Relations with the Kyrgyz Republic

  • Last updated: 28 Sep. 2018 14:03

NATO and the Kyrgyz Republic have developed practical cooperation in multiple areas, with the goal of enhancing regional and global security. Key areas of cooperation include security and peacekeeping, defence education reform and building integrity.


  • Relations with Kyrgyzstan started in 1992, when the country joined the North Atlantic Cooperation Council. This forum for dialogue was succeeded in 1997 by the Euro-Atlantic Partnership Council, which brings together all Allies and partner countries in the Euro-Atlantic area.
  • Practical cooperation began when Kyrgyzstan joined the Partnership for Peace (PfP) programme in 1994.
  • Objectives for cooperation are set out in the country’s Individual Partnership Cooperation Programme (IPCP), which is jointly agreed every two years.
  • The NATO Secretary General’s Special Representative for the Caucasus and Central Asia conducts high-level political dialogue with Kyrgyz authorities.


Key areas of cooperation

Kyrgyzstan’s cooperation with NATO is mutually beneficial and includes:

Building capabilities and interoperability

  • Kyrgyzstan participates in numerous PfP activities. The Kyrgyz government has identified a number of units and works towards enhancing their interoperability in view of possible future deployment in a United Nations (UN) peacekeeping operation.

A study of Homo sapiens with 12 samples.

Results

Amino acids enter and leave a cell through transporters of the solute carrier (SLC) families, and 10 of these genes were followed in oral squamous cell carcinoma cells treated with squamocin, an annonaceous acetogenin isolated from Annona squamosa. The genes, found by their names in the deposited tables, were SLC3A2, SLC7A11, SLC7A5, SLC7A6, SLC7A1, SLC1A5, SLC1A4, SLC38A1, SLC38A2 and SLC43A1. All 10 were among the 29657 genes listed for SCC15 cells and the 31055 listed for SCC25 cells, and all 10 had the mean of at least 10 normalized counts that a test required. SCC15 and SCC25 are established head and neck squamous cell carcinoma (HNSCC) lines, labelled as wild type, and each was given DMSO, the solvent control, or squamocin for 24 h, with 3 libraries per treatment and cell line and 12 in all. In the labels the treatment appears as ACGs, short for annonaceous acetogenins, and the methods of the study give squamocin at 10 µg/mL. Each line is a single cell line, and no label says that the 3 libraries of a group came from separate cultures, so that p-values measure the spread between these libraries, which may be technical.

• Under NATO’s Defence Education Enhancement Programme (DEEP), Kyrgyzstan cooperates with NATO experts to reform its military education system and introduce Western approaches and standards, especially in the field of teaching and learning methodologies.
  • Since 2015, Kyrgyzstan has participated in the NATO Building Integrity (BI) programme, a capacity-building programme aimed at strengthening integrity, transparency and accountability in defence establishments.

Wider cooperation

  • The Kyrgyz Republic has been engaged with the NATO Science for Peace and Security (SPS) Programme since 1993. Leading areas for cooperation have included environmental security, cyber defence and counter-terrorism.
  • Kyrgyzstan and NATO work together to increase public understanding of NATO and the benefits of cooperation, including by increasing public access to NATO and security-related documents at the NATO Depository Library at the Diplomatic Academy in Bishkek.
  • Kyrgyzstan also participates in a NATO-supported retraining programme for released military personnel. The goal of the programme is to cushion the socio-economic consequences of the country’s restructuring armed forces by facilitating the re-entry of former military personnel into the civilian job market.